She was born in poverty in the rough and unforgiving Nova Scotia of the 1930s, and suffered from the effects of juvenile rheumatoid arthritis throughout her days. Her hands were bent at an odd angle, she was permanently hunched over, and she walked with a pronounced limp.
After Maud’s parents passed away, her greedy, selfish brother sold the family house and pawned Maud off to their mean-spirited spinster aunt, who barely tolerated Maud’s presence in her house.
Even after Maud found work as a live-in housekeeper for a misanthrope fisherman and eventually married him, she often felt unwelcome, unwanted and abused in her own home.
This might sound like the blueprint for a bleak and depressing period piece, but in fact “Maudie” is one of the most beautiful, life-affirming, uplifting movies of the year, capable of moving us to tears of appreciation for getting to know the title subject.
Inspired by true-life events and directed with grace and style by Aisling Walsh, “Maudie” features a nomination-worthy performance from the versatile British actress Sally Hawkins (“Blue Jasmine,” “Happy-Go-Lucky”) as Maud, who is shunned by the community (kids throw rocks at her just for the fun of it) and treated as a freak because of her physical condition and her eccentric ways – and yet maintains an indomitable spirit.
If Maud is the beneficiary of a simple human kindness, or looks up and marvels at a cloud formation, those few minutes of light will make up for hours upon hours of being ignored, mistreated or forgotten by the world.
Decades removed from his sometimes cloying, sensitive leading-man days, Ethan Hawke has turned into one of the most consistently interesting character actors in movies today. Hawke delivers one of the best performances of his career as Everett Lewis, a hulking and surly fish peddler living on the edge of town in a one-room house, with only his dogs and chickens to keep him company. After Everett tacks up an ad in the town’s general store for a live-in housekeeper, Maud walks miles to his house and says she’ll take the job.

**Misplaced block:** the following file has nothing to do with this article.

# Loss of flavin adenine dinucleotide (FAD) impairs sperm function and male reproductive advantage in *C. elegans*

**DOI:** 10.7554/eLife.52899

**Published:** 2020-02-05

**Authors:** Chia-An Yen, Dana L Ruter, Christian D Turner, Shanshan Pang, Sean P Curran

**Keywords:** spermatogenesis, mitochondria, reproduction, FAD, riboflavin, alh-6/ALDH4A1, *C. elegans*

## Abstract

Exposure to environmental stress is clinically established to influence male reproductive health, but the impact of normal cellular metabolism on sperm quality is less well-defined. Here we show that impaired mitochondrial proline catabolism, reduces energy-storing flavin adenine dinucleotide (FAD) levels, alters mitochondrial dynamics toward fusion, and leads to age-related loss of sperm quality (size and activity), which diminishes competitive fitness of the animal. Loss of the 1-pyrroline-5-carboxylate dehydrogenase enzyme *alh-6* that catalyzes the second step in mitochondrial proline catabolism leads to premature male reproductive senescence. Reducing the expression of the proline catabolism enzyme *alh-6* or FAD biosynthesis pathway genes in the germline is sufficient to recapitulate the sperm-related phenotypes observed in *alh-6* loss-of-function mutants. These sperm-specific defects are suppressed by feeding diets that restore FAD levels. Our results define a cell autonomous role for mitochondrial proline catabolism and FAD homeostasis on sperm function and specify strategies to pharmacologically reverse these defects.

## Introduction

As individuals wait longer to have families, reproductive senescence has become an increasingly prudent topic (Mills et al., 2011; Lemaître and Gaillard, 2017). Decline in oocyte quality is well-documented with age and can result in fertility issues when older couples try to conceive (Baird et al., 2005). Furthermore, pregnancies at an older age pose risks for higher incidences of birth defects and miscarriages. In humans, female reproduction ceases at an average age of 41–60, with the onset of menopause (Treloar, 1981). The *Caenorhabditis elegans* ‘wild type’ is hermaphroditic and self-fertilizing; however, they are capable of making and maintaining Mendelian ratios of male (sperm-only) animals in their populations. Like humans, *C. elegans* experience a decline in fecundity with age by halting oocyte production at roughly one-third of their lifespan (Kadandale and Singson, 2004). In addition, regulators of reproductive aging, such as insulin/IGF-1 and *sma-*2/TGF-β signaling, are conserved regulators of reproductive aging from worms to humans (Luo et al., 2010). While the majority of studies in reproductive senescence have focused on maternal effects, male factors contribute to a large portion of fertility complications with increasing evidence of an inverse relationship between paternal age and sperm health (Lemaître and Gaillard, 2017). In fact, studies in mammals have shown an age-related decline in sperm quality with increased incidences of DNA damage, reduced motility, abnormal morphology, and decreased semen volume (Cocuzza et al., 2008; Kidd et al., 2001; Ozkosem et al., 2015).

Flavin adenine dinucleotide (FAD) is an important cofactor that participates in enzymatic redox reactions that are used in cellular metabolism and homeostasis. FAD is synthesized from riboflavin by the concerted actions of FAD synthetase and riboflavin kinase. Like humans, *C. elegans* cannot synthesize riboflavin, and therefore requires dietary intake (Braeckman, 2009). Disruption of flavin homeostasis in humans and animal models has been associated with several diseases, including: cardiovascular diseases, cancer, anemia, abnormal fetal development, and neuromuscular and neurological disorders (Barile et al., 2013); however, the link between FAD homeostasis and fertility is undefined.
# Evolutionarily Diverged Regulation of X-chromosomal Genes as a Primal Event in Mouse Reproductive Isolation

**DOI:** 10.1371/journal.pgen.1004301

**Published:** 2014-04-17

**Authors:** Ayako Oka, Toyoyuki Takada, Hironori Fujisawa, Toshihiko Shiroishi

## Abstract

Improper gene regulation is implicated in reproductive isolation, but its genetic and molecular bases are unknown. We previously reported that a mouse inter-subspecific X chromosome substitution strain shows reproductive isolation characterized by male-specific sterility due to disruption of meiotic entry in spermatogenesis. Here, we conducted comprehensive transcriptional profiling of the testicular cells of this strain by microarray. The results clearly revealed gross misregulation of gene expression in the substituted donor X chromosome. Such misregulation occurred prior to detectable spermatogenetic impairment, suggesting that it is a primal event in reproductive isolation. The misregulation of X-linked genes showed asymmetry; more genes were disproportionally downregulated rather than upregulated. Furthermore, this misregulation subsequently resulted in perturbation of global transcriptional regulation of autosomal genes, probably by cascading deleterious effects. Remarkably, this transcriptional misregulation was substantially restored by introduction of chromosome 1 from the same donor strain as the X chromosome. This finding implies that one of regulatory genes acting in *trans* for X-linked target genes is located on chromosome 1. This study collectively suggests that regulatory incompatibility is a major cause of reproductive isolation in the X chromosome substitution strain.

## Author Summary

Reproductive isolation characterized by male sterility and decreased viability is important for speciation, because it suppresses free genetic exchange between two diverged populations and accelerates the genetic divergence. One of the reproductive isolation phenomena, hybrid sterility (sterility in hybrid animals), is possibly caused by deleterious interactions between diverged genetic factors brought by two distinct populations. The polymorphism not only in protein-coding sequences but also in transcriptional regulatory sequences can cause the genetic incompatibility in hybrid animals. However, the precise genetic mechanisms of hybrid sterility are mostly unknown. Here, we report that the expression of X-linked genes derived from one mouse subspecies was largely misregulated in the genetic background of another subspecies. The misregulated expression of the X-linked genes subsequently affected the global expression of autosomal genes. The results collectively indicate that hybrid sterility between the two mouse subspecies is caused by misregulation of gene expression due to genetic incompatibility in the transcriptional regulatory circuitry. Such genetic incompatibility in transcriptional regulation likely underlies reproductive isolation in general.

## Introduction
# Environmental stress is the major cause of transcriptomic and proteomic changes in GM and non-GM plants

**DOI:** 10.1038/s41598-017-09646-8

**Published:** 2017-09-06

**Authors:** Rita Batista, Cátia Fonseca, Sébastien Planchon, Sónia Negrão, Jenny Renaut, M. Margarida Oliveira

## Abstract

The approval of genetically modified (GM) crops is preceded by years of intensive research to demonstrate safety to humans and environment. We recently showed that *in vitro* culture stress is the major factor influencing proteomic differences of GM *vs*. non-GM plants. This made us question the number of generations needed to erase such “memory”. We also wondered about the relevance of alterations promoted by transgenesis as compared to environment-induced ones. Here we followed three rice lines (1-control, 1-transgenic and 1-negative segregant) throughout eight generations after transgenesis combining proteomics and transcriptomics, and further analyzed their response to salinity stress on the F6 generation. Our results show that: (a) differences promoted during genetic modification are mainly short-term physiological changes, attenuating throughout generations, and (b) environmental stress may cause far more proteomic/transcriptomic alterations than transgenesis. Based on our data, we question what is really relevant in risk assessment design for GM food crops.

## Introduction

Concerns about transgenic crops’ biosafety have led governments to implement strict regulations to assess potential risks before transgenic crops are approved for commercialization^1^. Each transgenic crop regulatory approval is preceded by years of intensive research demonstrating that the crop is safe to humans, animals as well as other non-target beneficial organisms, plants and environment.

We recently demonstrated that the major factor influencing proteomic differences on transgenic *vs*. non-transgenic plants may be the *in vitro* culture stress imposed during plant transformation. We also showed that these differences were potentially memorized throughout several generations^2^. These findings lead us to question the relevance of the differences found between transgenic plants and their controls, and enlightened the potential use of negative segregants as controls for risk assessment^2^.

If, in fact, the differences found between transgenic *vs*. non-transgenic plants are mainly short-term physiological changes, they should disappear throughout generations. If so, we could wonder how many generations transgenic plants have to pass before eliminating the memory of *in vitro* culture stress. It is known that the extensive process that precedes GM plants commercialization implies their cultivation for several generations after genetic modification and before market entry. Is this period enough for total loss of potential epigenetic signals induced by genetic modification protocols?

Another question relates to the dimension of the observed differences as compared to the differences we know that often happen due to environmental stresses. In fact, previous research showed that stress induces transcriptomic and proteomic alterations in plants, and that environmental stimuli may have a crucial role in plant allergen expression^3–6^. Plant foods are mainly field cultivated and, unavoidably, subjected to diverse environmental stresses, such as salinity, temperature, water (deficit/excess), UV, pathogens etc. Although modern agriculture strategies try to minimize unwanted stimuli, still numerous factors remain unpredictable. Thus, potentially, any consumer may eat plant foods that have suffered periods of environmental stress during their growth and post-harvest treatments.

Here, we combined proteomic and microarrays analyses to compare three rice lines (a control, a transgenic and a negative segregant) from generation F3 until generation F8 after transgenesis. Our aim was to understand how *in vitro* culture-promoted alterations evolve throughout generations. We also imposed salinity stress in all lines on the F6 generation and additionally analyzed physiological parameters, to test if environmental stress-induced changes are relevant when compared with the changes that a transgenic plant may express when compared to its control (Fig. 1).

Within hours, Everett has fired Maud and told her to get the bleep out of his house, but she refuses to leave, and he can’t be bothered with dealing with that. So she stays.
When Maud isn’t scrubbing the floors or preparing meals for Everett or sweeping the dirt out of the house, she paints – small, simple, brightly colored works depicting cats and flowers and trees and birds. Clutching the brush with fierce determination, she uses the odd piece of wood or the kitchen wall or a window as her canvas.
Everett is not a good man. He tells Maud she ranks below the dogs and the chickens in order of importance to him. He strikes Maud because she has the temerity to speak her mind in front of the closest thing Everett has to a friend.
Eventually, though, Maud brings out something resembling humanity and heart in Everett. They get married. He goes from tolerating to supporting her love of painting. Somewhere in the depths of Everett’s narrow-minded thought process and granite heart, he knows he needs her far more than she needs him.
Maud’s simple but striking images catch the eye of an upscale New York woman named Sandra (Kari Matchett), who spends her summers in Nova Scotia. Sandra offers $5 for one of Maud’s paintings. Everett nearly chokes on his soup.
Eventually, Maud’s paintings – and her unique story – draw the attention of magazines and television crews, turning her into something of a celebrity. Some of this might seem far-fetched, were it not that it actually happened.
(As is the case with virtually every biopic ever made, there are some discrepancies between this fictional work and what is known about the real life and times of Maud Lewis. That’s why they call it poetic license.)
Sally Hawkins is an immensely talented actress, but at times I’ve found her work to be a little too self-consciously demonstrative. With “Maudie,” however, even though Hawkins is given the kind of role (a challenged character in a historical biopic) the Academy loves, the kind of role that practically begs for histrionics, Hawkins never overplays it. She’s simply great.
Hawkins disappears into the performance, capturing Maud’s physical limitations but also the light in her eyes, the sly humor in her observations about life, and her gift for seeing the greatest beauty in the simplest things.